There are many things I don’t understand, even now, about the Popeye’s Island Adventure cartoons. Who makes them, for example, like, is it a single writer-or-director? A team? Several individuals? How many are they going to make? How many do they plan to make? Are they still making new cartoons, and are they responding to audience reactions in making them? Why does the YouTube channel posting these have it labelled in some places as ‘Popeye For Kids’? And what is the release schedule? I often can’t find a new cartoon until a Monday, which makes me feel nervous when I know I have, like, two things I have to do on Tuesday. I’ve been thinking about passing one week on purpose just to give myself some margin and chance to see a cartoon before writing about it.
And then there’s the strange conclusion to this week’s entry, Sick of the Hiccups, which the title also says offers ‘AND MORE’. That more is other Popeye’s Island Adventure cartoons. After all the hiccups are done we get reruns of Feeling Blue, and then Can’t Handle The Tooth, and then Popeye Squared, and finally Heatwave. But with no title cards or clear breaks between cartoons you could be forgiven for not knowing what the heck is going on.
But the first cartoon of this eleven-minute video is new, so let me talk about that first two minutes, seventeen seconds.
The short started with the sort of simple, traditional premise I usually like in these: Popeye has hiccups. It disrupts his eating oatmeal. I like the camera move of his bowl leaping into the air and landing on his head. And I like Eugene popping in and imitating Popeye’s clumsy eating. There’s not much reason for Eugene to do it, but a clever animal like a Jeep can just stop in and mess with people.
Popeye heads off, hiccuping every few steps, to Olive Oyl’s. Meanwhile Bluto, dressed as a giant flower, sneaks into the short. Olive gets to play her role as smart person who knows how to find things in books and stuff, and puts Popeye through a couple of the traditional sure-fire hiccup cures that I only ever see people in comic strips or old-time sitcoms use. Popeye trying to drink a water while upside-down is a funny idea, but I don’t feel it this short.
Popeye tries holding his breath, and spinaches things up to do it better. This makes him manifest an air tank, swim fins, and breathing mask. I don’t mind him doing that, but the combination is weird. It isn’t like you’re holding your breath in scuba gear, not if you’re using it right. I feel like they had the Popeye-in-diving-suit stuff for another short and reused it here. I don’t mind him manifesting hardware like that, it’s just … this isn’t how you hold your breath. I know, the short is aimed at kids, and you never really imagine what you were like as a kid. I think, though — on the grounds of my documented complaints, at age eight, about the plausibility of The Far-Out Space Nuts — that if I were a kid I’d be bothered by that.
I don’t mind him manifesting the hardware. His accidentally puncturing the air tank on a harpoon that Olive has in the umbrella stand is … something that unsettles me more every time I think about it. The puncture sends Popeye flying out of control, back towards his house, while Olive resolves to scare him out of the hiccups.
Finally — and it’s a bit weird it can feel like “finally” when it’s only been about 75 seconds — we get back to Bluto. He’s snuck into Popeye’s garden, and sees a pile of spinach cans. He gets this delighted look as he sees he can steal all Popeye’s canned spinach. And it is such an endearing look. I think my favorite part of these new shorts might be the moments, like at 1:33 here, where Bluto’s joyfully surprised. He swipes the stack just ahead of Popeye, and then Olive Oyl, arriving.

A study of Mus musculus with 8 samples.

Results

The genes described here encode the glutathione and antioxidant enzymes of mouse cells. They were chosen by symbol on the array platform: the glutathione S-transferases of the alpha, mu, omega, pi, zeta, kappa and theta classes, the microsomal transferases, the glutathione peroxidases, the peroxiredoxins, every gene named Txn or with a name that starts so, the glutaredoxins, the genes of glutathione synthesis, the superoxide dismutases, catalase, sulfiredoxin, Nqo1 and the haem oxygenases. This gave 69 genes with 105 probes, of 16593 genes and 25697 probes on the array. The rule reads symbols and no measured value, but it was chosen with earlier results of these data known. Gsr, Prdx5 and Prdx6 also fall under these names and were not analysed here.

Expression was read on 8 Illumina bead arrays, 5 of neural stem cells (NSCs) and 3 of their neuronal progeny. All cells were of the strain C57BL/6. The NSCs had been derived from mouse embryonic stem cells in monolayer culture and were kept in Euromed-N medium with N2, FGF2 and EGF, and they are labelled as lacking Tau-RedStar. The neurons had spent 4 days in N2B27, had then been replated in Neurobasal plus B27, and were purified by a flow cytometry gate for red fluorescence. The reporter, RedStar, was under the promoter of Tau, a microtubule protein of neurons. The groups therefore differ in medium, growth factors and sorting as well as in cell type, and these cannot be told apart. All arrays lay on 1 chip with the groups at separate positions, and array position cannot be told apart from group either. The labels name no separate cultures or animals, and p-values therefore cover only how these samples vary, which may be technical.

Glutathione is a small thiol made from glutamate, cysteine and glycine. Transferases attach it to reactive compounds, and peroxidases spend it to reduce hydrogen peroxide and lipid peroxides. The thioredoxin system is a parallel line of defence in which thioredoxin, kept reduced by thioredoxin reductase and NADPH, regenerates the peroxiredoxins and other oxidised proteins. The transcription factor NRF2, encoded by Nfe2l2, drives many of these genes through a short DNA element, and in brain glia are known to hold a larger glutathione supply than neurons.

Olive’s dressed as a ghost to which Popeye is indifferent. Popeye sees the missing spinach, though, and is horrified, scared out of his hiccups and, briefly, the ability to stand. It’s the obvious joke, yes, but obvious doesn’t mean wrong, and it resolves the story’s problem sensibly. And I like the animation of Popeye’s point of view and how the missing cans get highlighted.
Olive cleans up the loose ends, using her bedsheet ghost costume to wrangle Bluto. Popeye hugs Bluto, grateful, and that’s again the obvious resolution but also the one that makes sense. And I like when, occasionally, a cartoon ends with Popeye glad for Bluto. A circumstance like this where Bluto has no idea why Popeye’s hugging him makes it better. And Bluto has hiccups, since the premise of cartoon hiccups is that they never go away, they just transmit from one being to another.
I’ve said, I think, many warm things about this short. Do I like it? … Not so much, really. I think it’s a good start, but I only really liked a few moments in it. Bluto’s delighted face at finding the spinach free, for example. But it never gets wild or imaginative enough for me. I don’t think the short does anything wrong. Once again I suspect this would play better as the skeleton of a full-length cartoon instead.
I have no idea why they’ve started putting more shorts on the end of these cartoons, or how they pick the ones they have. I do wonder if, like, five weeks from now when they stack this onto the end of some short, they’ll also put the other nine minutes of cartoons on. I’m imagining the day when each of these videos is two minutes, ten seconds of, like, Young Popeye playing a video game and then a four-hour block of previous Island Adventures, some of them repeated a dozen times over. That seems like it’s nothing too extreme to me.
I’m do try to review all these Popeye’s Island Adventures. Essays about them should be at this link. If I do take an off week to give myself more writing time, eh, you’ll see something about it. Don’t worry.